Issue: August 9, 2003
I have a lilac bush that has (until the last week) looked "healthy." It now has yellowing leaves and looks like it is dying. I have a dog that sometimes urinates on it. Could this be the problem?Answer:
It is possible that the dog is causing some of the problem, but that would occur only on leaves in direct contact with the urine. Dogs are usually a greater problem with junipers and other small conifers, which are even more sensitive.
Another consideration is moisture and potential leaf diseases. How much do you irrigate? If often, the humidity around the shrub can allow leaf fungus to grow at night. There are several leaf fungi that can cause minor problems (early defoliation) and usually don't kill the plant. The other possibility is that the shrub is not getting enough water, but lilacs don't require a great amount of water. Water them deeply once or twice a month. Clay soils hold more water so they can be watered less often. Sandy soils are easier to water, but they hold less water and must be watered more often. Water slowly at the dripline and beyond the edge of the shrub so that water doesn't run-off over the soil surface but soaks into the soil. Continue this until the soil is moistened to a depth of two feet. You will need to probe the soil with a soil probe or dig a shallow hole a few hours after watering to determine how deeply a given irrigation moistens the soil. If the soil is moist to one-half foot, increase the irrigation time to four times what you had done previously.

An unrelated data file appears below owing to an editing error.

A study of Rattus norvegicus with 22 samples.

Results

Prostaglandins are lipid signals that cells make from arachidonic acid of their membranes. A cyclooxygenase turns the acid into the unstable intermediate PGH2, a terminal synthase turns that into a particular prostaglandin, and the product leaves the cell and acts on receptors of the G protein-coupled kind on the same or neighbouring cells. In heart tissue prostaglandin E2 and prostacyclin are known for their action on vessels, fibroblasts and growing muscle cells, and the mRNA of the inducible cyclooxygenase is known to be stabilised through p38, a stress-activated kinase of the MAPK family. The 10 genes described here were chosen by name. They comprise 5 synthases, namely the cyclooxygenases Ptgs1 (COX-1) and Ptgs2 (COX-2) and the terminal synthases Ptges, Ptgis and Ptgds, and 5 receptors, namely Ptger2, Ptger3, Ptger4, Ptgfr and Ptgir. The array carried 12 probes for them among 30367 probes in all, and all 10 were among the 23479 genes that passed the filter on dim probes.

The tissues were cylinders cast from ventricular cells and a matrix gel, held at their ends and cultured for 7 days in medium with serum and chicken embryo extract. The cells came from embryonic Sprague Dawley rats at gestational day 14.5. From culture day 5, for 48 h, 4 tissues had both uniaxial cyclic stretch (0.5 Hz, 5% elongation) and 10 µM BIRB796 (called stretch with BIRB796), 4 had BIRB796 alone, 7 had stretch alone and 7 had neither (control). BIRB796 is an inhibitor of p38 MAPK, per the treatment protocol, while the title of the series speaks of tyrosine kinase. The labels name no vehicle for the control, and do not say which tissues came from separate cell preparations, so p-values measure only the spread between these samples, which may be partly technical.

Irrigate in the manner described above if you have been watering more often than this. If you have other plants (shallow rooted annuals), you may water them less deeply and more often, but avoid daily watering. The greater the time between irrigations, the less potential there is for diseases.
I discovered that I have pine tip moths damaging my Ponderosa and Afghan pine trees. Can I spray now? Tomi K. AlbuquerqueAnswer:
Do not spray now. You will do little to affect the pine tip moth larvae and pupae, so there is no reason to apply insecticides. Wait until spring. In the Albuquerque area, years of pheromone trapping by Master Gardeners have shown that the first week of May is the time to spray. This is when the new larvae are just hatching from the eggs and are most susceptible to the chemicals.
Readers in other areas of the state should check with their local Cooperative Extension Service to determine timing for their area.back to top
Marisa Y. Thompson, PhD, is the Extension Horticulture Specialist, in the Department of Extension Plant Sciences at the New Mexico State University Los Lunas Agricultural Science Center, email: email@example.com, office: 505-865-7340, ext. 113.
Please copy your County Extension Agent and indicate your county of residence when you submit your question!